This week, Snug Harbor Marina in Wakefield, Rhode Island reported a truly remarkable catch: A 48.9-pound red drum caught by Brad Thompson. Brad was fishing a chunk of bunker from a Rhode Island breachway, hoping for a big striper, when the monster red drum hit.
Red drum are an exceptionally rare catch in Rhode Island waters. In fact, these days red drum are rarely reported north of Delaware – but that’s not always been the case. In the early 1900s, “channel bass,” as red drum are also called, were a common catch for surfcasters in the waters of South Jersey, particularly from Corson Inlet, Little Egg Inlet and Barnegat Bay. In the Field and Stream article “The Prize Channel Bass of Corson’s Inlet” by R.M. Helfenstein, published in 1913, the author poses in the lead photo with a 47-pound red drum and writes of catching a mix of black drum and red drum from the New Jersey surf. In the 1916 article “Surf-Fishing at Little Egg Inlet” by Herbert K. Savage, the author describes catching 108 ½ pounds of channel bass in 55 minutes while fish swirled on the surface and “a big fellow, who must have weighed a full fifty pounds, swam by with his back out of the water not more than twenty feet from where we were standing.” (Thanks to F+S blogger Joe Cermele for sharing the classic Field and Stream articles.)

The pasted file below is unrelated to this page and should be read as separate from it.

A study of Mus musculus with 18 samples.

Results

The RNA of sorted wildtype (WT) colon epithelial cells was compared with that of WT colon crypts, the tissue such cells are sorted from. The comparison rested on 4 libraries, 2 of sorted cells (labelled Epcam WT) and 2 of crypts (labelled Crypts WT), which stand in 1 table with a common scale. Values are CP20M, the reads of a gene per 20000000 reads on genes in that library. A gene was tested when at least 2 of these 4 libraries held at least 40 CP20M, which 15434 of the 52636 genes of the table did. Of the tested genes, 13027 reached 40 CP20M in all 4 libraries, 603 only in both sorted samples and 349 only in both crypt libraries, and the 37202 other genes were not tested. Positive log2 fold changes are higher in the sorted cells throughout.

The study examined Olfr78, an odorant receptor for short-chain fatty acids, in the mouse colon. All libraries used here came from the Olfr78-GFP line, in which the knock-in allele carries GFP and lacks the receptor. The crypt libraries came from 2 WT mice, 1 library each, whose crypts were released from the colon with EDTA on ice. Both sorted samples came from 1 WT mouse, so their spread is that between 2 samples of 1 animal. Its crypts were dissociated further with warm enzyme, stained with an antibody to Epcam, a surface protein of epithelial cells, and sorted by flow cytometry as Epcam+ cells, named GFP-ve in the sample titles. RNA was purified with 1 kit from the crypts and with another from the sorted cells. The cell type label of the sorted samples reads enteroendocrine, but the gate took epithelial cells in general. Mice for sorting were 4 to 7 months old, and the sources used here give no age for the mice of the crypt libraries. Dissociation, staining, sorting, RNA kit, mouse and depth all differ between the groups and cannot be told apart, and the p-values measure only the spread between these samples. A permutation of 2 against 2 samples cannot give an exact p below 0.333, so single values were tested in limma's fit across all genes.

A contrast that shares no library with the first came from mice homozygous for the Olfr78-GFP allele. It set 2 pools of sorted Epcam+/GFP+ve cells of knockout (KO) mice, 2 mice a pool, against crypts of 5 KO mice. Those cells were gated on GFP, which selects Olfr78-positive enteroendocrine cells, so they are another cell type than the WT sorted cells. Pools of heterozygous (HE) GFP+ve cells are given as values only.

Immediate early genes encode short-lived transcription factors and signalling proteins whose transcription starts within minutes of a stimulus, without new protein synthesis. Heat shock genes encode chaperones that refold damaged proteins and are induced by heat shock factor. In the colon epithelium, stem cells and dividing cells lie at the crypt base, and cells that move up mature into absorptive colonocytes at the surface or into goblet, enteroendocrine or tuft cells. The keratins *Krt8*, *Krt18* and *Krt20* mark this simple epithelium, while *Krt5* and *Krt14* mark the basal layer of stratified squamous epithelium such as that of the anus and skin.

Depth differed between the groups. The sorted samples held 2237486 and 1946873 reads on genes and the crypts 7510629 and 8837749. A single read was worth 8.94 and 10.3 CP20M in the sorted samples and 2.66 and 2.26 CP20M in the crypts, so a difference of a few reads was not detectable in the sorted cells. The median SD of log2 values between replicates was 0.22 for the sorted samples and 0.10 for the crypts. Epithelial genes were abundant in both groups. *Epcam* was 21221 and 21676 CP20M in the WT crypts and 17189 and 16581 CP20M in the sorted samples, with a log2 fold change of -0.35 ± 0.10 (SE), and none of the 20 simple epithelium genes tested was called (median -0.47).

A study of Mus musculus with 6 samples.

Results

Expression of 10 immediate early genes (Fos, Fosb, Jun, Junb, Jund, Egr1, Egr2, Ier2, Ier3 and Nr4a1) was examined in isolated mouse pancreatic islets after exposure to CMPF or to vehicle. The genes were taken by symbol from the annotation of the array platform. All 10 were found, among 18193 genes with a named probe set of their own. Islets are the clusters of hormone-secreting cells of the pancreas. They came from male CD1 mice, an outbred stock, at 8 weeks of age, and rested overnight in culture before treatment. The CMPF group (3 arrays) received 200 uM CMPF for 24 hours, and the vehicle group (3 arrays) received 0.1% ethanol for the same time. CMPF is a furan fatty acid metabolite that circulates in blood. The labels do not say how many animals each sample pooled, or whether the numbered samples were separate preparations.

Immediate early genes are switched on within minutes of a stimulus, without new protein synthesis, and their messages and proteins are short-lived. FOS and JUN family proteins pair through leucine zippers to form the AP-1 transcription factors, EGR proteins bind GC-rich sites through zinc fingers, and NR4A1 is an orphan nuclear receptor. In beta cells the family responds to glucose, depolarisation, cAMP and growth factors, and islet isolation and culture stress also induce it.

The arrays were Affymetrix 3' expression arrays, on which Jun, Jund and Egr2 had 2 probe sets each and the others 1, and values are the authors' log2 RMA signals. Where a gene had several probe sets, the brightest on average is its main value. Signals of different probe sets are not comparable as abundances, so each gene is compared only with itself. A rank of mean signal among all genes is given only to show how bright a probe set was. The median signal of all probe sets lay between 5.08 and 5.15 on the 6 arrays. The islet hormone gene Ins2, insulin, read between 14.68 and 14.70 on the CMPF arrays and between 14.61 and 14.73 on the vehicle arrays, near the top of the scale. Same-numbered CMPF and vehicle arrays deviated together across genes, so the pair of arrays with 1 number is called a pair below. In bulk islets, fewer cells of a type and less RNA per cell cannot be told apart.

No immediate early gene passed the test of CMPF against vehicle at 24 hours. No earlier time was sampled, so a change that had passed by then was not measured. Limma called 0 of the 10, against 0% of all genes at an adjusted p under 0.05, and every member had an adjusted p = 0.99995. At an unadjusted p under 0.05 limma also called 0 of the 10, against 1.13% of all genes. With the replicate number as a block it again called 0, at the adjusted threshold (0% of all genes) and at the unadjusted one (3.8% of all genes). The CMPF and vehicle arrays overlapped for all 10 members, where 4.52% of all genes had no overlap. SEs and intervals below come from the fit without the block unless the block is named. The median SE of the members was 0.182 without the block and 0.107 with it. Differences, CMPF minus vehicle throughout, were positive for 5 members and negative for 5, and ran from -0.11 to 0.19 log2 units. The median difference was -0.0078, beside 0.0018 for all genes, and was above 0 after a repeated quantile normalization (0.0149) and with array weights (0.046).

Red drum would occasionally venture as far north as the south side of Long Island, but even then it was rare enough to make the pages of the New York Times. On August 7, 1910, the Times reported a blitz of channel bass on Long Beach that started on a Sunday afternoon when a 20-pounder was landed. By the end of the day, a number of channel bass in the 30-, 40-, and 50-pound class, and one 60-pounder, were landed.
Red drum have made a big comeback in southern waters since crashing in the 1980s. Could the catch of a big, mature red drum in Rhode Island waters be a sign that the species is expanding its range, and perhaps we’ll see a return of the trophy red bull fishing in the Northeast? Is it a sign of global warming? Or is it just an anomaly, like the occasional tarpon, cobia or even manatee that has wandered into southern New England waters?
More importantly, was that red drum alone… or was he part of a school of bull reds like the ones that invaded Long Island in early August over 100 years ago?